It had been awhile since I had read a Julie Kagawa series and in that time I had forgotten how great of a writer she is. She is seriously the master of taking something completely fantastical (dragons, vampires, faeries) and dragging them into a world that we readers are actually familiar with. And somehow..it fits.
The Talon series is about dragons. Dragons that can hide in a human skin and who have a secret society that are forever hunted by an order of humans called St. George—hell bent on ridding the earth of dragons forever. This book in particular is about much, much more (or less depending on how you think about it). It’s about young love, about wanting to have one summer to be a normal young person (or dragon I suppose). It’s about learning that there is more to the binary of “right” and “wrong” and how the beliefs that Ember and Garrett have held their entire lives up until now could be wrong.
Ember and her brother Dante, young dragons who are part of Talon, have one summer to learn how to mingle with the human race. One summer off before they are chosen for specific ranks within Talon and will spend the rest of their lives doing things to protect their race and ensuring their future. Of course, as you may have expected, things didn’t go down that simple. Ember, of course, makes friends with humans and even falls in love…with the wrong person (of course).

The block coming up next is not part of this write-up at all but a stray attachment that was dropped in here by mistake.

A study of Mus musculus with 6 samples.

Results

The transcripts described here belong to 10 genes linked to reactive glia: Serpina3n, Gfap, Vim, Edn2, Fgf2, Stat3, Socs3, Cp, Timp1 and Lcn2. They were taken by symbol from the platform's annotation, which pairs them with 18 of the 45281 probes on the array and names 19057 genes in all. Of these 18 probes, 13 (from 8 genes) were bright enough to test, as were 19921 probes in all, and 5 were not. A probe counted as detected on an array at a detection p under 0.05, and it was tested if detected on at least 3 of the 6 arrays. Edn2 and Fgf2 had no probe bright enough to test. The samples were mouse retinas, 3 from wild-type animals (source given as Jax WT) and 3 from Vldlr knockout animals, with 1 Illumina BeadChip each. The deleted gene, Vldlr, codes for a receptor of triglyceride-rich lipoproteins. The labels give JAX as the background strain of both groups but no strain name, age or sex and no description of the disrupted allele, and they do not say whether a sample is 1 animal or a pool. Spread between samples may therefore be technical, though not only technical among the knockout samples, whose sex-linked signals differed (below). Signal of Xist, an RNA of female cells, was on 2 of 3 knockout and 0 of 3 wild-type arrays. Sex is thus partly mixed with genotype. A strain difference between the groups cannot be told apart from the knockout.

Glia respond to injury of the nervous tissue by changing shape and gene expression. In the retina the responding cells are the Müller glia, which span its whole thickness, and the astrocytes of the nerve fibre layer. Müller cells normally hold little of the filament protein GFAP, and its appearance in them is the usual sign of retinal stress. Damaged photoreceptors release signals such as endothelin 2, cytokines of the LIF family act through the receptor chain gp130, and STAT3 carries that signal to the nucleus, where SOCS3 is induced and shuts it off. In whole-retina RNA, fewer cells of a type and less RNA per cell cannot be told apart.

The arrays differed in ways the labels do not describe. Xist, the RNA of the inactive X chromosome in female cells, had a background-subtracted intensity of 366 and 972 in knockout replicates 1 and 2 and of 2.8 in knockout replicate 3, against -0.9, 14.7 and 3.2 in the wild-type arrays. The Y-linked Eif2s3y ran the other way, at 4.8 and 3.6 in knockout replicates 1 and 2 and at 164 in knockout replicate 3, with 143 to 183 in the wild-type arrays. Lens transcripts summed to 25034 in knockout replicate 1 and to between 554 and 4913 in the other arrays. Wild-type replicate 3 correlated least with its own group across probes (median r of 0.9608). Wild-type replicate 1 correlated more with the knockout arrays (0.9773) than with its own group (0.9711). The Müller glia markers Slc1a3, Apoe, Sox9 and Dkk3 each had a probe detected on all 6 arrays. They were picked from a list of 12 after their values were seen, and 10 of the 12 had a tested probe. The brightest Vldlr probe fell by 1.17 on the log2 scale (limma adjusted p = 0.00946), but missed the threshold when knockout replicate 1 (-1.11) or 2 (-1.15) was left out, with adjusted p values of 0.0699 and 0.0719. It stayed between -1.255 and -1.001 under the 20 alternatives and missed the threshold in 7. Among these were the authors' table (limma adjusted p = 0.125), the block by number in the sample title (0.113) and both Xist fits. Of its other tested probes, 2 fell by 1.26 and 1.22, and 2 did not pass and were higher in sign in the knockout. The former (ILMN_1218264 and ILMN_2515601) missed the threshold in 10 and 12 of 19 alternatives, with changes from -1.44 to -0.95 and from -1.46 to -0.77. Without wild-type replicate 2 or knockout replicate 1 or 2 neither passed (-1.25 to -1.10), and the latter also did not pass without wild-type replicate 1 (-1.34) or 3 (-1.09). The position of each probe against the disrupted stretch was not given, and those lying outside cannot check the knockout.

“Observe and blend in,” he stated in his cool, unruffled voice. “Learn how to engage with humans, how to be human. Assimilate into their social structure and make them believe we are one of them.”
Garrett is part of St. George and should be Ember’s enemy. Of course, neither one of them really knows that. Instead, they both experience love for the first time and it’s typical YA fluff and you can’t help but root for them but still worry anyway because you know that it will probably end badly.
“A ruse. That’s all it was. Pretend to like this girl. Pretend to have feelings, to pursue some kind of relationship. Earn her friendship and trust, knowing I might have to destroy it, and her, in the end.
It felt wrong. Dirty and underhanded, something they would do. But… I was a soldier, and this was my mission.”
There were certain points during this were I wanted more—I wanted to know more about Talon, more about St. George, more about the mysterious rouge dragons (Riley in particular but I know we’ll be learning more about him in the next book for sure). But then I thought to myself, no, we don’t necessarily need all of that information. Like I said, this book isn’t even really about Talon or St. George. It’s about two young people falling in love under the worst of odds. It’s about hope, and how these two groups could change…if they could ever come to terms with one another. I think that I will give this book a pass for leaving out this information. Especially because our narrators don’t know much information themselves. Why should we as readers get to know more than Ember does? Overall, this first book already has me hooked. With that cliff hanger of an ending, I can’t wait to pick up Rogue and find out what happens next.
I recommend to anyone interested in YA fantasy, young love, or dragons (quite the variety–I know!)